UNCW/NOAA scientific permit No. 948-1692-00
Herman Melville may have made the sperm whale (Physeter macrocephalus) famous with Moby Dick, but there are other good reasons why you may not be familiar with the huge predator’s smaller cousins, the pygmy and dwarf sperm whales (Kogia breviceps and Kogia sima). Though they inhabit wide ranges and depths of temperate and tropical oceans along continental shelves and slopes, they are rarely sighted.
Scientists didn’t even recognize that the two species were separate until 1966. The pygmy species is a bit larger, and there are differences in morphology and genetics.
Dwarf and pygmy whales have been among the most commonly stranded marine mammals along the coast of Virginia and North Carolina. That gave three scientists from the University of North Carolina Wilmington a look at what the whales eat. Their study appears in the April Marine Mammal Science.
After marine mammals become stranded, their bodies are collected and necropsied, and the contents of their stomachs are saved. Michelle D. Staudinger and her colleagues looked through a stockpile of those stomachs, collected from 22 pygmy and 9 dwarf sperm whales from 1998 to 2011, and tallied up what the whales had been eating before they died.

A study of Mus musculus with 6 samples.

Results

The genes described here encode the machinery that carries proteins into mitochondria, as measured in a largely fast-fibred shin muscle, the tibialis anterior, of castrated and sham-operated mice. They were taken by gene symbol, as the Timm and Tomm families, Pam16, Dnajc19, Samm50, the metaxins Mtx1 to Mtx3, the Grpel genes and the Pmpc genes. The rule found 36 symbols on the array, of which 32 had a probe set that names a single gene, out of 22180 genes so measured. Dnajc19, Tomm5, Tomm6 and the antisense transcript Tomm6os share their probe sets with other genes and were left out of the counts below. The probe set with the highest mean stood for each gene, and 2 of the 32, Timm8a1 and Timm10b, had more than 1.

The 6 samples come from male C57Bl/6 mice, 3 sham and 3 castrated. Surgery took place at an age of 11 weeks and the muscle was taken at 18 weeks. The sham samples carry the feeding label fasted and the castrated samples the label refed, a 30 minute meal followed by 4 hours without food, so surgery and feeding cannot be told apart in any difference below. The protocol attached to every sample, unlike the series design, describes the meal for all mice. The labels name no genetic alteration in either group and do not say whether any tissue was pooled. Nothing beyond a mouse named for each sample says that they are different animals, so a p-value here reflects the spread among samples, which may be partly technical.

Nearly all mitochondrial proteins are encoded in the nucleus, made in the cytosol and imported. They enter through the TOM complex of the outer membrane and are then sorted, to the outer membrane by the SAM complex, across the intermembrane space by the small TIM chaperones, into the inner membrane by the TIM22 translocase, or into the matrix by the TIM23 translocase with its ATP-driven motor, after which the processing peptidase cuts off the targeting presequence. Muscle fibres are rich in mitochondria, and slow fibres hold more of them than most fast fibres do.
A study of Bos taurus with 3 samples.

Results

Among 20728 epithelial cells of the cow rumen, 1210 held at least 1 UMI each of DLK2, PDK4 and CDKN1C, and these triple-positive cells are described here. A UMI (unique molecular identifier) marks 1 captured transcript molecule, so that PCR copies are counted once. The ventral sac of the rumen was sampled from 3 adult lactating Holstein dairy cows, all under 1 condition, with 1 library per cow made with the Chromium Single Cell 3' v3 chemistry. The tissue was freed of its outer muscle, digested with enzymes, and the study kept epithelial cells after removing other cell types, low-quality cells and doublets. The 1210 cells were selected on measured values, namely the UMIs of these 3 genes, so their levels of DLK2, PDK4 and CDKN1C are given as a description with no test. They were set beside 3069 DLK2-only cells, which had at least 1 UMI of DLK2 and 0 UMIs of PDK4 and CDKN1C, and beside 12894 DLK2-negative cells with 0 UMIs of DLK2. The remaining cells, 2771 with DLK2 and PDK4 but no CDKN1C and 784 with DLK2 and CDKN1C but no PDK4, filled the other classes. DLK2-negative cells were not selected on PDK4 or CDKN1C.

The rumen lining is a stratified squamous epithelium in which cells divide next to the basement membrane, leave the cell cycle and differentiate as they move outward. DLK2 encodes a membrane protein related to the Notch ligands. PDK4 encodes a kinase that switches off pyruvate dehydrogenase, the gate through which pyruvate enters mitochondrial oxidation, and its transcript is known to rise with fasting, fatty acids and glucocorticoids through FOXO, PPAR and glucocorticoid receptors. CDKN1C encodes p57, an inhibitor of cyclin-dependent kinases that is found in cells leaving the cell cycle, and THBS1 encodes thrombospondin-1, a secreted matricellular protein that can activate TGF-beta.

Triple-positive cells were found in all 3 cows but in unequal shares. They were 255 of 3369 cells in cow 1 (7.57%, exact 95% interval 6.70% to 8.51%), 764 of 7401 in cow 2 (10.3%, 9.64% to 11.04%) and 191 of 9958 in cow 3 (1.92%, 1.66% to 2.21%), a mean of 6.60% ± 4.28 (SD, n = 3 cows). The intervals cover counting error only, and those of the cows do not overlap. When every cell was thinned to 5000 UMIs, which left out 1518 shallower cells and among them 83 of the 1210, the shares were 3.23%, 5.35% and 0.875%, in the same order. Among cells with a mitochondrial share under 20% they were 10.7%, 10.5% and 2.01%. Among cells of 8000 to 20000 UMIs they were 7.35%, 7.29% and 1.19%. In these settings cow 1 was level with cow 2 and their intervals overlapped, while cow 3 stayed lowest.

Mostly the whales had been eating cephalopods, which Staudinger separated into species based on the hard beaks left behind after the soft bodies had been digested. To do that, she compared those beaks to her own reference samples (I guess there’s a collection for everyone) and to samples collected by whalers and fishermen over the last two centuries and now kept in the Smithsonian Institution.
The pygmy sperm whales had eaten 35 different species of cephalopod, and the dwarf sperm whales had consumed 13 species. A lone female pygmy sperm whale had a more varied diet, with two fish species — Sloane’s viperfish and Parin’s spinyfish— in her stomach. When she was left out of the analysis, the researchers found large overlap in diet between the two species.
They confirmed that overlap with analysis of the carbon and nitrogen isotopes in the whales’ muscle. Those isotopes reflect the food a creature has been eating, and they were also similar in the two sperm whale species.
“Overall, our results imply there is minimal niche partitioning between [the two] whales, thus shared food resources are likely not limited in offshore habitats of the mid-Atlantic region,” the researchers write.
The whales seem to have plenty of food for now, enough to share. But there is worry that that could change, particularly with climate change pushing some, but not all, species to move and upending established food webs. If that happens, the pygmy sperm whale will have a distinct advantage over its smaller brethren simply because of its larger bulk. Because the animals swallow their prey whole, the size of what a sperm whale can eat is dictated by the size of its esophagus. The pygmy sperm whale’s ability to eat larger prey could give it a leg up in the future, the researchers write.